Mayor Mendenhall and seven of the inaugural Salt Lake City Resident Food Equity Advisors, with the project consultant.


Thirteen residents from a diverse set of experiences and backgrounds explored issues in the food system and strategized solutions for their communities, discussing everything from food vouchers to a food leadership academy, and in their final report, published last month, advocated the idea of an “Edible Salt Lake City” and made recommendations for how the city can achieve greater food equity.

We caught up with a few of the Advisors after their recent meeting with Mayor Erin Mendenhall to see how they’re feeling now that the report is out.

Zana Jokic, from Sarajevo, whose work as a medical interpreter has given her a unique perspective on healthy food access among immigrant communities, said she’s been sharing the report with everyone. “I’m so proud of our work,” she said. “I’m passing it around to friends, families, organizations,” anyone and everyone she can think of.

Eugene Simpson, who moved from Belize and works as a barber in Rose Park, has also been spreading the good news. “I talk about the Food Equity program in the barbershop,” he says. . “I talk to the kids that come in about eating good food. The kids are the ones that need it. If they hear it when they are young and start eating good foods,  then they will do it when they are older.”

Those who participated in the program came away with new insights and new perspectives. “I was glad that I could talk and share my opinions with a very diverse group of people,” said Zana.

Resident Advisor John Wilkes said one thing he would take away is a new understanding of the difficulty of accessing culturally specific foods. “I learned that many ethnically specific foods are very difficult for cultural groups in our area to find at any neighborhood stores. That was something which had never occurred to this Midwestern white boy, that many immigrants cannot find items that are staples in their food culture. How exasperating that must be.”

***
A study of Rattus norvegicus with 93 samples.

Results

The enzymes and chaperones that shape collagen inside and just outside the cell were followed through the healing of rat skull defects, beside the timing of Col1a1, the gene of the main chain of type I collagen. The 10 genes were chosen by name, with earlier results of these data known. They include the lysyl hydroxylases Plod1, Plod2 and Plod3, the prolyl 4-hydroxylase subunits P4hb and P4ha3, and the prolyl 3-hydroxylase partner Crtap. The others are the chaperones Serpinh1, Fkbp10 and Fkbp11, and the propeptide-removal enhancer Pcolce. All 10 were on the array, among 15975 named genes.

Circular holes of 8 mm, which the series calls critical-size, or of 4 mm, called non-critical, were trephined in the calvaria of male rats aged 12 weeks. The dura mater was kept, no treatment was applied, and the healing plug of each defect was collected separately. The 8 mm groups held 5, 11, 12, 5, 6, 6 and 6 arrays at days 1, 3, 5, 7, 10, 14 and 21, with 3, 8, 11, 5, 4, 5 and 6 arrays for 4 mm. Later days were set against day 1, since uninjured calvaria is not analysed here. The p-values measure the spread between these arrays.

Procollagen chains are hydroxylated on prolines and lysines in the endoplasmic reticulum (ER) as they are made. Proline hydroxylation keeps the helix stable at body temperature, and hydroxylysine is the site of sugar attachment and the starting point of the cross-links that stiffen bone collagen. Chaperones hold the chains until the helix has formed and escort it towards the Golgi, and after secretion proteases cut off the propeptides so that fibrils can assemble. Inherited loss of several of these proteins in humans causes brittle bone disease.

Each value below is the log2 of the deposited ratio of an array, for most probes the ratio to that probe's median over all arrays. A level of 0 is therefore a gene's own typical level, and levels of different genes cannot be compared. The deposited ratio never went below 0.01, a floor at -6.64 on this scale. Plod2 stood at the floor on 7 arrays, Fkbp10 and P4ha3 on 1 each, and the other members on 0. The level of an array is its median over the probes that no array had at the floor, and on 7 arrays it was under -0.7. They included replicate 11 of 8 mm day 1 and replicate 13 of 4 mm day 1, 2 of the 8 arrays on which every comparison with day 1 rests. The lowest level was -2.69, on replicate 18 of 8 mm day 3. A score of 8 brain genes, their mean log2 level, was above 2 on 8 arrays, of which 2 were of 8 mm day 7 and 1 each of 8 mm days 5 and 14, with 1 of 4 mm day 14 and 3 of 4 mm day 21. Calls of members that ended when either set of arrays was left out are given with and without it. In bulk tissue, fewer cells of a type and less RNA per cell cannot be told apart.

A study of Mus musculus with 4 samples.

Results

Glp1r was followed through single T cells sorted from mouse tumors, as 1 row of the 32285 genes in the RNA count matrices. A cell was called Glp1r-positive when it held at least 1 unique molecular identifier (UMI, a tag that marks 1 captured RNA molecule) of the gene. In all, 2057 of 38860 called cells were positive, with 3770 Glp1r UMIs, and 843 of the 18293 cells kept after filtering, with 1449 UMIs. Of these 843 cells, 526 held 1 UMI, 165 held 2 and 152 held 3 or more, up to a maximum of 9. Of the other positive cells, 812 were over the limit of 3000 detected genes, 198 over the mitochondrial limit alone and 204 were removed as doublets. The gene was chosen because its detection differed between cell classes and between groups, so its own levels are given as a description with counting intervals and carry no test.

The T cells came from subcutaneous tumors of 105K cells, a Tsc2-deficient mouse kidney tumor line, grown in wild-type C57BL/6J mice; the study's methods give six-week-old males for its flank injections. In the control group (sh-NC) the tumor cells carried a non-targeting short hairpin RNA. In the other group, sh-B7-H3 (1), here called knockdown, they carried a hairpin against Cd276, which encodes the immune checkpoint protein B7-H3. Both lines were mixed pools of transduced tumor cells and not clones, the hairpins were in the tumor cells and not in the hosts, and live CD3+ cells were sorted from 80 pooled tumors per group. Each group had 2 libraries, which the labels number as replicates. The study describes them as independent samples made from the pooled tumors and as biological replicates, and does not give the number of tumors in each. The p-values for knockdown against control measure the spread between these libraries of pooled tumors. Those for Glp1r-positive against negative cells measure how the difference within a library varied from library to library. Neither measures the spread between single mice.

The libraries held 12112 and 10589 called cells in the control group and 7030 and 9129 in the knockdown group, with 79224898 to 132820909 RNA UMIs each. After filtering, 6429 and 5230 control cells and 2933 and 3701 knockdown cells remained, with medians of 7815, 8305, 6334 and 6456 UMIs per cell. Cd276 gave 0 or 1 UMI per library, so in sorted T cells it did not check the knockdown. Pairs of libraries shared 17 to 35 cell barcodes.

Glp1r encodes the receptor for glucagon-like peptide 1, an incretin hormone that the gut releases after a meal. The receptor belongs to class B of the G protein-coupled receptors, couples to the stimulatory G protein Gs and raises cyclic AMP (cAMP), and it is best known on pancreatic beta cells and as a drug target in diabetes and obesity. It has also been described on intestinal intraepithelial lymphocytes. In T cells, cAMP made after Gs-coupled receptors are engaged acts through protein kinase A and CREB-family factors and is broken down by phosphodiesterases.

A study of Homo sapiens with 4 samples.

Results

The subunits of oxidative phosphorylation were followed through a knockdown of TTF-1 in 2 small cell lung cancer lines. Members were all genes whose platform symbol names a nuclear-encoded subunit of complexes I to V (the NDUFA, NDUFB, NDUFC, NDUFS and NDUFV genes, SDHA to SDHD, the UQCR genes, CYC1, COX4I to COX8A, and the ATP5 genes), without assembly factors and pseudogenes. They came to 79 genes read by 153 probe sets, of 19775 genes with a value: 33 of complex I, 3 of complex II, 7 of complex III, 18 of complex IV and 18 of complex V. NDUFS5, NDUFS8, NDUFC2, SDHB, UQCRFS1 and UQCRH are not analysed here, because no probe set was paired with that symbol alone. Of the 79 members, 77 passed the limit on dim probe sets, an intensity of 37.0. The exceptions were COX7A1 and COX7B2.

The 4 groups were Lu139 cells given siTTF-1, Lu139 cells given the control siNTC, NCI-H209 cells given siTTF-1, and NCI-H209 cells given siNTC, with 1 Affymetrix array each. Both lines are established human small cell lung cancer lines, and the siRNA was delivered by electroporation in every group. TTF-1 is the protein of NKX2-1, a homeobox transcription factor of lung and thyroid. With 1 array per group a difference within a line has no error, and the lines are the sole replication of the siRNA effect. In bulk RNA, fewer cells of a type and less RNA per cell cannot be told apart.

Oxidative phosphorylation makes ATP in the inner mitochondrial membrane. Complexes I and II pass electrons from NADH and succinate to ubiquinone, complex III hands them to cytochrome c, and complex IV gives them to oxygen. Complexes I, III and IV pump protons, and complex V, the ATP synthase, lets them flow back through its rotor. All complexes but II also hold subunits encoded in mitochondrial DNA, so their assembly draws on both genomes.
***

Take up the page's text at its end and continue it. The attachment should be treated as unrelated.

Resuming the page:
John had some suggestions for how people can take steps towards improving the food system in their own backyard. “Know what laws are in your area with respect to growing your own food, and keeping certain food producing animals such as chickens, pigs, ducks. If restrictive ordinances seem to discourage acts of food self-sufficiency, work to change them to laws that allow everyone to do all in their power to produce what they are able in order to reduce their costs, environmental impact, etc.”

Zana encouraged people who care about food to “be an active part of the community.” She hopes that food, especially, might be something to unite people. “I think food is big deal, you know? Especially if you are talking about healthy, good food, people are willing to participate.”

Following the meeting with the Mayor in late June, the Sustainability Department has set aside funding and is exploring how to implement some of the recommendations.

If you’d like to learn more about the Resident Food Equity Advisors’ work you can read about it and view their report here. Sign up for the SLC Green newsletter to receive updates about the program and to learn about other exciting SLC food equity and sustainability initiatives that will be announced in the next few months!